DERBY – Susan Agamy, executive director of Area Congregations Together, hopes that one day the Lower Naugatuck Valley won’t need a homeless shelter and a food bank. But after the economy tumbled in 2008, she learned that her organization is needed now more than ever.
Attorney General Richard Blumenthal emphasized that fact on Saturday during the organization’s 30th anniversary celebration at Grassy Hill Lodge in Derby. He said that over the past year, countless people have lost their jobs, have had their pay reduced or have gotten sick and are without health insurance, making organizations like ACT crucial to Connecticut.
“I don’t have to tell you how important it is,” he said, about the services ACT provides. “It’s remarkable and is really very invaluable.”
In 2009 the organization, which manages the Valley Food Bank Network, provided 104,000 meals to hungry residents. That’s a 41 percent increase from the year before.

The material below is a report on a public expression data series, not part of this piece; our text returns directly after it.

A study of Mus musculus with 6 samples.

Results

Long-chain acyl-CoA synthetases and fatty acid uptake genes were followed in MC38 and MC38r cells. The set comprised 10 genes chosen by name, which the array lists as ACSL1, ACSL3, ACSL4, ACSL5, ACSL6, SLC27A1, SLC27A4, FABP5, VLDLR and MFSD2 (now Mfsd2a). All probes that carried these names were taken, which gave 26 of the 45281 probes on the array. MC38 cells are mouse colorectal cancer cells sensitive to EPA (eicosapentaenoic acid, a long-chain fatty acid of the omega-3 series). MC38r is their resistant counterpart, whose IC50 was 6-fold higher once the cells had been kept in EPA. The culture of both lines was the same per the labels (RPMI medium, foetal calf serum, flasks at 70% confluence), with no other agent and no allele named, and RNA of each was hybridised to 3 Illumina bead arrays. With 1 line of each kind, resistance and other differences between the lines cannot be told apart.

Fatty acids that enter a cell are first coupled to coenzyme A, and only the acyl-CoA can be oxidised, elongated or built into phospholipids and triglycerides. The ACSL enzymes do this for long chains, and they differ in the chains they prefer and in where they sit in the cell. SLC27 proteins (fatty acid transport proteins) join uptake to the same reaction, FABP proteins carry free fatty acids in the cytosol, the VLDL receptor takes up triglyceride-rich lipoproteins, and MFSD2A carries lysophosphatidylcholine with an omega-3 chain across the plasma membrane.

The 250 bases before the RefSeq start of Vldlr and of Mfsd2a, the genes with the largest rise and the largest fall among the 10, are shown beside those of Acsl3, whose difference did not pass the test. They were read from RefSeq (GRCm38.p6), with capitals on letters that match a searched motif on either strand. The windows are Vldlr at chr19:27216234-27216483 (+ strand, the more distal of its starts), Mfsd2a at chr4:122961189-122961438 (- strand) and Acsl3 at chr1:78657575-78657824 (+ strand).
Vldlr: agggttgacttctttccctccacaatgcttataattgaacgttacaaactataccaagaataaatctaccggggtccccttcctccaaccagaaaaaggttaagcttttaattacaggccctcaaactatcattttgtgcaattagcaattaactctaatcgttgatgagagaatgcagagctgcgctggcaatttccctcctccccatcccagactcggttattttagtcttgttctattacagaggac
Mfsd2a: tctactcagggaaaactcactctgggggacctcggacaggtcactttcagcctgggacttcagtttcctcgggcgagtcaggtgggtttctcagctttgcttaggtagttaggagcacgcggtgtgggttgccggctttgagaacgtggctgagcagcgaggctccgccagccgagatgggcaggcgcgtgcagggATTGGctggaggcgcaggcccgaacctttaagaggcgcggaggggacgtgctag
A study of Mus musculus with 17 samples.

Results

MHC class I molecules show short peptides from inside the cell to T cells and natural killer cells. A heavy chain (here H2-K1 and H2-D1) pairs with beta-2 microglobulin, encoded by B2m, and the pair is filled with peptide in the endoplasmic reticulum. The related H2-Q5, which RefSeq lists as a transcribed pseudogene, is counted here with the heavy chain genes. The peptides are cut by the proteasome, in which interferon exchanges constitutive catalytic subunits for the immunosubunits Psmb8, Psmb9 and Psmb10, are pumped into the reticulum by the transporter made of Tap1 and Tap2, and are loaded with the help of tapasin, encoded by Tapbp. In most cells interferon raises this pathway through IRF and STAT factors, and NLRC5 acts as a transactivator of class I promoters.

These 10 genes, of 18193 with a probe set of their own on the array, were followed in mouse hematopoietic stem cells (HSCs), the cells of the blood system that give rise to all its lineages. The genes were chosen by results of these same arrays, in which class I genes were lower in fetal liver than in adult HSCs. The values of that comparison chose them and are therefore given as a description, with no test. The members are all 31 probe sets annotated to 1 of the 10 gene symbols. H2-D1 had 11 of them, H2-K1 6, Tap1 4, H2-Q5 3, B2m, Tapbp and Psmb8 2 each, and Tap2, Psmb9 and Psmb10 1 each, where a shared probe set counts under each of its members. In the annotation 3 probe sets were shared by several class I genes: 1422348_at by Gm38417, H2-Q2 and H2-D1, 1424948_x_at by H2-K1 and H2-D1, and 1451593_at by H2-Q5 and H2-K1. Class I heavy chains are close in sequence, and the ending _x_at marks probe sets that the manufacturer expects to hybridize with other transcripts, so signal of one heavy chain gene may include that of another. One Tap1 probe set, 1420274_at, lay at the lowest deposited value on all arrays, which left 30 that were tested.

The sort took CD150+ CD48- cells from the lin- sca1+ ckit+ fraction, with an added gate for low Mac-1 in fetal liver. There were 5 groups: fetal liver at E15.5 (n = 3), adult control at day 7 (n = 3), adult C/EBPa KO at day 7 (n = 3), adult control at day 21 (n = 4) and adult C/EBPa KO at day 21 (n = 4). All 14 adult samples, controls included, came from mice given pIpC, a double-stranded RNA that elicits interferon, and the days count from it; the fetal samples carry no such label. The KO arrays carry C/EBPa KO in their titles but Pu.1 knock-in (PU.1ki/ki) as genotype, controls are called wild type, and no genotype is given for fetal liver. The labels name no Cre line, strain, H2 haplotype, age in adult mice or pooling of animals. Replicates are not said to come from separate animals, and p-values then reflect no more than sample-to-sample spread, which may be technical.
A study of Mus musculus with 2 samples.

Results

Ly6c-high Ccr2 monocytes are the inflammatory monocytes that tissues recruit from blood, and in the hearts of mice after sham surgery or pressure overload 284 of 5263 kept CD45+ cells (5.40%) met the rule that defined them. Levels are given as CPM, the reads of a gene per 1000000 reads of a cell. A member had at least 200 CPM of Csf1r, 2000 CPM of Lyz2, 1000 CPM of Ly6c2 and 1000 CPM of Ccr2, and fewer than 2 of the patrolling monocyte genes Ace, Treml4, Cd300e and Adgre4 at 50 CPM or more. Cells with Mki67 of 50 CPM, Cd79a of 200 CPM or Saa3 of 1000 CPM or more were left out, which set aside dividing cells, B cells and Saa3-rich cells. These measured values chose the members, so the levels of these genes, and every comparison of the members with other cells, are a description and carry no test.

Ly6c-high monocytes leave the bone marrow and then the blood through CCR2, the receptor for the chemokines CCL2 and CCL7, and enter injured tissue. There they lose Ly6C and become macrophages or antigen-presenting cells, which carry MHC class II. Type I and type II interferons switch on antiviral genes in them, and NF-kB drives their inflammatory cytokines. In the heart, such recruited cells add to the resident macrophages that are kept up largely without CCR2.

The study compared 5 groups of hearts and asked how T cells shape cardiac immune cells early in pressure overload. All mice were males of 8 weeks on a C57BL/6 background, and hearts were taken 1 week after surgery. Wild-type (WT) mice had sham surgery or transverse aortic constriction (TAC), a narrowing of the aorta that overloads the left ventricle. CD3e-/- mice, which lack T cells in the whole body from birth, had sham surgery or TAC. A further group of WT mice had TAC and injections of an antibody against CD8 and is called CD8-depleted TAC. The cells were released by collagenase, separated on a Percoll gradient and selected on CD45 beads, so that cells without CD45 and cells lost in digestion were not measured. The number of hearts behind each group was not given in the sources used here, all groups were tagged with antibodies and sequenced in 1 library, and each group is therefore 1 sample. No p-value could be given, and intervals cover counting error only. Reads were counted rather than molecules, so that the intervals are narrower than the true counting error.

“Connecticut’s one of the wealthiest states,” Agamy said, “but we have some of the fewest resources for the poor.”
ACT operates the only homeless shelter in the valley and is one of the only shelters in Connecticut that welcomes families with children into its facility. In 2009 the shelter, called the Spooner House, housed a total of 248 people, nearly 13 percent more than it housed in 2008.
Clergy and laity originally established the organization in 1979 to provide transportation to the elderly for medical purposes, and to provide meals for those unable to cook for themselves. Agamy explained that over the past three decades ACT has adapted its services to the needs of the community.
Today dozens of businesses and faith communities sponsor the program, including Christians, Jews, Hindus and Circle of the Sacred Well, a Wiccan group.
“It really is a community effort,” Algamy said.
The Rev. Lucille Fritz, of Huntington Congregational Church, has been involved with ACT since 1998. At Christmas, her church hosted a holiday party for those living in the shelter and each month her congregation sponsors a meal for the residents.
She said ACT is worth supporting because it provides life skills training to residents.
“They don’t just give them a bed, they teach them how to survive,” she said.
ACT currently needs canned goods, salt, sugar, laundry detergent, diapers and numerous other supplies. See ACT’s complete wish list on its website, where you can also make a financial contribution.